What are sketchnotes?
Sketchnotes are becoming an increasingly popular way for students to take notes for lectures. However, there is much value to be gained from using them along with – or instead of – traditional methods like Cornell notes and annotation. Studies have shown that engaging the visual part of the brain as well as the textual part adds in retention of information. Plus, it’s fun.
Here’s a personal story about the power of sketchnotes. When I was getting ready to do Sketchnotes with my freshmen, I decided to give it a try myself to serve as a model and discover any problems they might face. I did sketchnotes for the first five chapters of Frankenstein before I asked them to do any on their own. I didn’t do any more of the book, But guess what? Those five chapters are the ones I remember the best. Imagine the value of using this tool to really get students to engage with a novel or play.
Here’s a short introductory video I show the students to give them the general idea:
For our second venture with sketchnotes, I had my freshmen in groups of five, each doing an act of Romeo and Juliet while working as a team to make something that looked like it all belonged together. They were not as successful this time, and I learned that I can’t just show them a few models of sketchnotes and expect them to be able to get the idea. They need more structure. So I developed the visual above to help them organize their ideas before they start.
Here’s the first five things students should do before they put anything down on paper:
Pick a Pattern.
The first thing students need to do is choose an organizational pattern for their sketchnote. If they don’t, they’ll just draw a bunch of things randomly on their paper. They need to think about the ideas that they are presenting and what pattern best suits that. I always have students justify their organization pattern to me and why it works best for what they want to do.
I’m not a big fan for linear patterns because what students tend to do is create a comic or an illustrated version of the text, which isn’t what sketchnotes is all about. I steer students toward either the web or the columns by asking them to sketchnote how a particular main idea or theme is present in the text. Then they might use the web, put the theme in the middle, and show several instances of how that theme was explored around the periphery. Or perhaps they use the columns by placing the theme at the top, choosing two or more characters from the text, and using the columns to fill in how those characters dealt with that theme through conflict. Of course you can use any organization method and do something cool with it, and if they want to do something more sequential I don’t mind as long as they aren’t just retelling the story.
It also bears mentioning that the visuals provided are just guidelines. You don’t need to do a web as a bunch of circles or use rectangles for columns or have a specific number of ideas to work from that you can’t exceed. These are not set in stone.
Choose some frames
Next to the pattern of the sketchnote, frames are the most important organizational feature. They keep text organized and are used to create banners for important ideas. Some lend themselves to specific uses – for instance, a speech bubble could be used for important quotes. But, really any of them will do.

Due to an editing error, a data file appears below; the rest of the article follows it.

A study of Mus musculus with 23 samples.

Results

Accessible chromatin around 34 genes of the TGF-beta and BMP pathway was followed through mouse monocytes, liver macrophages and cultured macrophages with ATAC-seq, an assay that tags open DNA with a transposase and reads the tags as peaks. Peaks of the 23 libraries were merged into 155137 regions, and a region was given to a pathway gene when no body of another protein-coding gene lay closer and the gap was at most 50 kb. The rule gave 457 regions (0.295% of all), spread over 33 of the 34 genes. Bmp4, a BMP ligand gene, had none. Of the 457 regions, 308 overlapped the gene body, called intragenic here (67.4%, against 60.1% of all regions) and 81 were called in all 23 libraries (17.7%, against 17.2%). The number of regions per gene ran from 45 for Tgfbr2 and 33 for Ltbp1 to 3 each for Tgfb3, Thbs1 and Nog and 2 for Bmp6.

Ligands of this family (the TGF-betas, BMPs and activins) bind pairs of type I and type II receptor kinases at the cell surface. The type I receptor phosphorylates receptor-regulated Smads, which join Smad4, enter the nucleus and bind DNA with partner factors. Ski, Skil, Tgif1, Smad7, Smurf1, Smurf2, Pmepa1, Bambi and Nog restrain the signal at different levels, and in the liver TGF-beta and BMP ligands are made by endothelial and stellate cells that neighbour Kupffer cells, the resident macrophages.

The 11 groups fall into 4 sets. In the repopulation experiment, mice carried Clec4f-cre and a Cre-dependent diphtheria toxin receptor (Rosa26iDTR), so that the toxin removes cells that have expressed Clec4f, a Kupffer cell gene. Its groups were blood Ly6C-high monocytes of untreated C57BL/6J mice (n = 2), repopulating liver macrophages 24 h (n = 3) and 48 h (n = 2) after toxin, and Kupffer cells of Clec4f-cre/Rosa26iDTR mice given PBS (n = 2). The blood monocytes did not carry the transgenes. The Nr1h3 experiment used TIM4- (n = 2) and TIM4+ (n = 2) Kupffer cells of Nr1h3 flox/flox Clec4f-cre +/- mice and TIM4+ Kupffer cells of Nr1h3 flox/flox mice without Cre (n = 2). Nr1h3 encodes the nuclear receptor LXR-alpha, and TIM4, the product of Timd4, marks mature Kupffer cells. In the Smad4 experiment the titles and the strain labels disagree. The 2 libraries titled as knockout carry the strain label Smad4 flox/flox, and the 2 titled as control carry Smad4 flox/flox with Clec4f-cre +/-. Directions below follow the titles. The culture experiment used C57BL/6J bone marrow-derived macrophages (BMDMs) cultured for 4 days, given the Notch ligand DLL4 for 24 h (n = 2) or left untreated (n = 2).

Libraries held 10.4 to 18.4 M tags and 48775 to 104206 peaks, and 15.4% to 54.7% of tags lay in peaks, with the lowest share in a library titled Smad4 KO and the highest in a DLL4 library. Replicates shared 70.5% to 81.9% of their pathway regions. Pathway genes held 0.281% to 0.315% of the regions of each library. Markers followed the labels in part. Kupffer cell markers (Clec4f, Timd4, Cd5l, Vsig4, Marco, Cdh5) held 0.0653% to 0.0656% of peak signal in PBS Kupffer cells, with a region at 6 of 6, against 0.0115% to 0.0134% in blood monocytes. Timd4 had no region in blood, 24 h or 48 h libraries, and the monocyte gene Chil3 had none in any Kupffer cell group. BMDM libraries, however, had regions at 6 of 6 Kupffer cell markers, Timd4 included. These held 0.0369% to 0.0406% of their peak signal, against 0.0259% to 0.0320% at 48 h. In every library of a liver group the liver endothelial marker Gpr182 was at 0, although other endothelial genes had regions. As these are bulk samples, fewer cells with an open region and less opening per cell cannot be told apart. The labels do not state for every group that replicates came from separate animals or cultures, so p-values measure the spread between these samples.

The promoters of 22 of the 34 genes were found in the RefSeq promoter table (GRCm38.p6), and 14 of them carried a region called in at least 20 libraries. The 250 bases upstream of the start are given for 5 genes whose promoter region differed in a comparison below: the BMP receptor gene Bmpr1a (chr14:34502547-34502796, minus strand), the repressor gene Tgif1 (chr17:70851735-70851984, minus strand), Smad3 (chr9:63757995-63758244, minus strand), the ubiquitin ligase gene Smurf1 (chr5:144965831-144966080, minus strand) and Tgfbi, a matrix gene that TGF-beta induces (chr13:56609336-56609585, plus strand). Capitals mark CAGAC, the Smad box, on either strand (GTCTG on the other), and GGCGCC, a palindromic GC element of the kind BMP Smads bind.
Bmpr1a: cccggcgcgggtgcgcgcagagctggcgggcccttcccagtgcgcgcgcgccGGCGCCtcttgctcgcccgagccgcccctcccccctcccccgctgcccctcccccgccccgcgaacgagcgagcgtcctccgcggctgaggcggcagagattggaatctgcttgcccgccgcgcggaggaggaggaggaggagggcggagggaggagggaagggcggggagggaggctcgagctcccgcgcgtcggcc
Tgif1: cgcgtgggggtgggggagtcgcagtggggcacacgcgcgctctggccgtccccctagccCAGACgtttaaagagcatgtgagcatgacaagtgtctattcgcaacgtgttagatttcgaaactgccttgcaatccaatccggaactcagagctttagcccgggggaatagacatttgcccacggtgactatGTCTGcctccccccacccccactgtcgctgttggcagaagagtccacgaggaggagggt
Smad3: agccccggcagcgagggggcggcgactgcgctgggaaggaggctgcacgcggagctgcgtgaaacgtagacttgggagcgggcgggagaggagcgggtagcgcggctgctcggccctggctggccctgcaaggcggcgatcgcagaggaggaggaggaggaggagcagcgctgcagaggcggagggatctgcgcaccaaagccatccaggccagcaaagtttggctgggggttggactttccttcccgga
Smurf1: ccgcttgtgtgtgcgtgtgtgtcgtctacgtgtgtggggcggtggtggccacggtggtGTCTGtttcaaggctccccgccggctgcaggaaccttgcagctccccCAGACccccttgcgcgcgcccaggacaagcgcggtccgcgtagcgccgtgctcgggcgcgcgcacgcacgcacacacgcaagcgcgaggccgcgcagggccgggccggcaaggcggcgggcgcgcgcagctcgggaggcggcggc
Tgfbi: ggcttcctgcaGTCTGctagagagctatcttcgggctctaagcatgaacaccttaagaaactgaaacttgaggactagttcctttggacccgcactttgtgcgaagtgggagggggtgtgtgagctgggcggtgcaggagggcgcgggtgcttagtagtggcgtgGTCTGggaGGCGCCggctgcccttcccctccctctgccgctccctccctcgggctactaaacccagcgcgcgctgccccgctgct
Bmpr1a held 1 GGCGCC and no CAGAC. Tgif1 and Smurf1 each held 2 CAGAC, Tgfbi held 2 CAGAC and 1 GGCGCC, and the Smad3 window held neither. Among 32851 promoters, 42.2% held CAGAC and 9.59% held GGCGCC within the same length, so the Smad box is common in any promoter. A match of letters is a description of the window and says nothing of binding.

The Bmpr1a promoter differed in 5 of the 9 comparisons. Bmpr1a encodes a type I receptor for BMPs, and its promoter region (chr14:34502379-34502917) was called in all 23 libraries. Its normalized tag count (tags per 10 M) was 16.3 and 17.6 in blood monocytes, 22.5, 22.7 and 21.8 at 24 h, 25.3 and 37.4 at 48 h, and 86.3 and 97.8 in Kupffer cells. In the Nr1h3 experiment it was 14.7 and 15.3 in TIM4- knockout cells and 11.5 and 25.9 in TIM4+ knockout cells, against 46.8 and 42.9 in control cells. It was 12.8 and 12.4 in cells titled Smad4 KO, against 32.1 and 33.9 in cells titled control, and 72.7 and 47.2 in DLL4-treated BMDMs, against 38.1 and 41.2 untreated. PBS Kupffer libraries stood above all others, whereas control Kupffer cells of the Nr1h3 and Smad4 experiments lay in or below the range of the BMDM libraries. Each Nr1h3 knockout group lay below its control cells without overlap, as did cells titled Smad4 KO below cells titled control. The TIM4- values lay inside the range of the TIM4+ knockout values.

Frames – which serve as containers and keep ideas separate while providing structure – keep the sketchnote from being too messy.
You can find several other examples of interesting frames with a quick online search, especially some that might be particularly well-suited for the novel or play you’re reading in class. I also encourage students to think of frames that might come naturally from the novel – a handkerchief for Othello, for instance.
Select Connectors and Separators
Connectors guide the viewer through the sketchnote and can indicate relationships, such as cause and effect and the passage of time. Simple arrows will do the trick, and most of the choices will be aesthetic because connectors are functional and aren’t responsible for communicating meaning. However, they do provide a place for students to do something fun and artistic.
While connectors link ideas, separators keep everything tidy. They don’t need to be fancy to do the trick. All they need to do is keep related ideas separated from other ideas. Generally I find that students will add these last to add clarity.
Pick some bullets
Sketchnotes need text. A sketchnote with only visuals is just a bunch of pictures. The text is where the true meaning is. And bullets organize text.
Paragraphs will overwhelm the pictures. And students need to remember these are notes, not a paper. That’s where the bullets come in. Just like in a PowerPoint presentation, bullets effectively present main ideas efficiently.
While it’s not that important to linger over which bullets you choose, I like to include this step to emphasize that text is required and paragraphs should be avoided.
Decide on fonts
While fonts are fun, they serve a purpose. Students can choose one font for headings, another font for important information, and another one for quotes. Three seems to be a good number to shoot for – anything else can become difficult for someone looking at it to process.
Fonts are also a good way to introduce hierarchy by making more important words or phrases larger than others. When writing a paper we can underline, italicize, and boldface certain words for emphasis. While you can certainly do those things with handwritten fonts as well, sketchnotes also allows for the opportunity to add emphasis through size.
Not everyone likes sketchnotes. The less artistically inclined would rather take traditional notes (I maintain that the just need more experiences before they are won over.) However, most students found them an effective, absorbing way to process text. Plus, they were great to review for their final paper.